To say cloud computing is a big trend today is an understatement. There’s not a company I talk to, small or large, that doesn’t have cloud on the mind. While much of the focus on cloud has been on lowering the cost of computing, some organizations I have interviewed recently have been focusing on understanding what cloud enables that traditional computing does not.
This is similar to the transition that enterprises went through when computing shifted from mainframes to client server applications. One of the first mainstream PC applications was a 3270 emulator, which made it much cheaper to deliver “green screens” to more users. However, over time client server allowed IT to deliver new applications to branch offices and other locations where mainframe connections couldn’t reach. All of a sudden, if you hadn’t moved to client server, your company was falling behind competitively.
This is where cloud sits today. The industry has focused on cost but leading organizations are finding ways to leverage the cloud to bring new functionality to the company, primarily around the areas of supporting mobility and “bring your own device” policies. While conventional wisdom today suggests that moving to cloud is risky, within a year or so, not moving to the cloud will be where the risk is, so the game is now afoot.
One of the biggest inhibitors I still see is that IT operations aren’t really optimized for cloud. Legacy IT departments are highly engrained in siloes, with storage, network and server operations all having their own, independent operations teams that go about doing their own thing with little thought about how it impacts the other groups. Historically, this has been OK because the infrastructure also lived in isolation. Sure, things popped up from time to time that required coordination, but IT could live with these siloes and make it work.
Cloud, on the other hand, requires much tighter integration of IT infrastructure. Virtual machine moves need to trigger network policy changes and storage movement. Cloud brings a certain level of agility and fluidity to IT that enables resources to migrate from one location to the other based on business need. However, the movement of IT resources must be a coordinated task driving the need for IT operations to not just be aligned but to be truly integrated.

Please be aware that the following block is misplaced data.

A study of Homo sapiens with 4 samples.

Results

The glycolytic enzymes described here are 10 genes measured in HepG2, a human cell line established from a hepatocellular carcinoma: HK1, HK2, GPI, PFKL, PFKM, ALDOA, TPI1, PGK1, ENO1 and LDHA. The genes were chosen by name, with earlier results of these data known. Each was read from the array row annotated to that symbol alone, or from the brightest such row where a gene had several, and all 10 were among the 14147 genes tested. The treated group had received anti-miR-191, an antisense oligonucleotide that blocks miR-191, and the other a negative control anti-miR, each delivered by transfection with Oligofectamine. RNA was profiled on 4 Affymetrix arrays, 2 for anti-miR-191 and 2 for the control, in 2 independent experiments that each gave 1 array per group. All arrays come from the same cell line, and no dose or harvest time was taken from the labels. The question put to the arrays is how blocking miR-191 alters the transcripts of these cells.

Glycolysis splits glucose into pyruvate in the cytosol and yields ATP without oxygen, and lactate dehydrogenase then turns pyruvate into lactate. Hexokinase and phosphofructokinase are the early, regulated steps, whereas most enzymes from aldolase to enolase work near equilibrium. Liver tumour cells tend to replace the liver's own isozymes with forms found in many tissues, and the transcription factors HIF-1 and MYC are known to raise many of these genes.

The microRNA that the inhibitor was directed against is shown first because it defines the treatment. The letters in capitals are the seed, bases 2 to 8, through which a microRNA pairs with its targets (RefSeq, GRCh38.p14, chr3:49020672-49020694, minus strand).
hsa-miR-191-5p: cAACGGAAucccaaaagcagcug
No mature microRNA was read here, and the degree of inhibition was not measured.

I’ve interviewed a few companies that have done this well by rolling up IT operations under one owner or bringing in an overlay IT group to run the cloud while legacy IT does the old stuff. For those of you who find yourselves in the legacy IT camp, do what you can to start the educational process, as you don’t want to find yourself on the outside looking in on this current trend.
I do think the tools used to support IT need to evolve as well. Even those in organizations that have leveraged cloud successfully have told me that good cloud tools are still non-existent. Sure, there are some vendor-specific offerings, but there isn’t something like a vendor-neutral tool that allows single-click provisioning across storage, network and servers. The monitoring of cloud has improved some with many of the flow-based analytic tools now able to see across physical, virtual and cloud infrastructure, giving end-to-end visibility. But provisioning and ongoing operational support tools are areas that still need to evolve.
The time for cloud is now, but success depends on IT operations evolving to support the new computing paradigm.
Zeus Kerravala is the founder and principal analyst with ZK Research. Kerravala provides a mix of tactical advice to help his clients in the current business climate and long term strategic advice. Kerravala provides research and advice to the following constituents: End user IT and network managers, vendors of IT hardware, software and services and the financial community looking to invest in the companies that he covers.
Kerravala does research through a mix of end user and channel interviews, surveys of IT buyers, investor interviews as well as briefings from the IT vendor community. This gives Kerravala a 360 degree view of the technologies he covers from buyers of technology, investors, resellers and manufacturers.
Kerravala uses the traditional on line and email distribution channel for the research but heavily augments opinion and insight through social media including LinkedIn, Facebook, Twitter and Blogs. Kerravala is also heavily quoted in business press and the technology press and is a regular speaker at events such as Interop and Enterprise Connect.
Kerravala remains associated with Yankee Group through the company's affiliate program.
Prior to ZK Research, Zeus Kerravala spent 10 years as an analyst at Yankee Group. He joined Yankee Group in March of 2001 as a Director and left Yankee Group as a Senior Vice President and Distinguished Research Fellow, the firms most senior research analyst. Before Yankee Group, Kerravala had a number of technical roles including a senior technical position at Greenwich Technology Partners (GTP) where he worked with Johna Til Johnson, the founder of Nemertes Research. Prior to GTP, Kerravala had numerous internal IT positions including VP of IT and Deputy CIO of Ferris, Baker Watts and Senior Project Manager at Alex. Brown and Sons, Incorporated.
Kerravala holds a Bachelor of Science in Physics and Mathematics from the University of Victoria in British Columbia, Canada.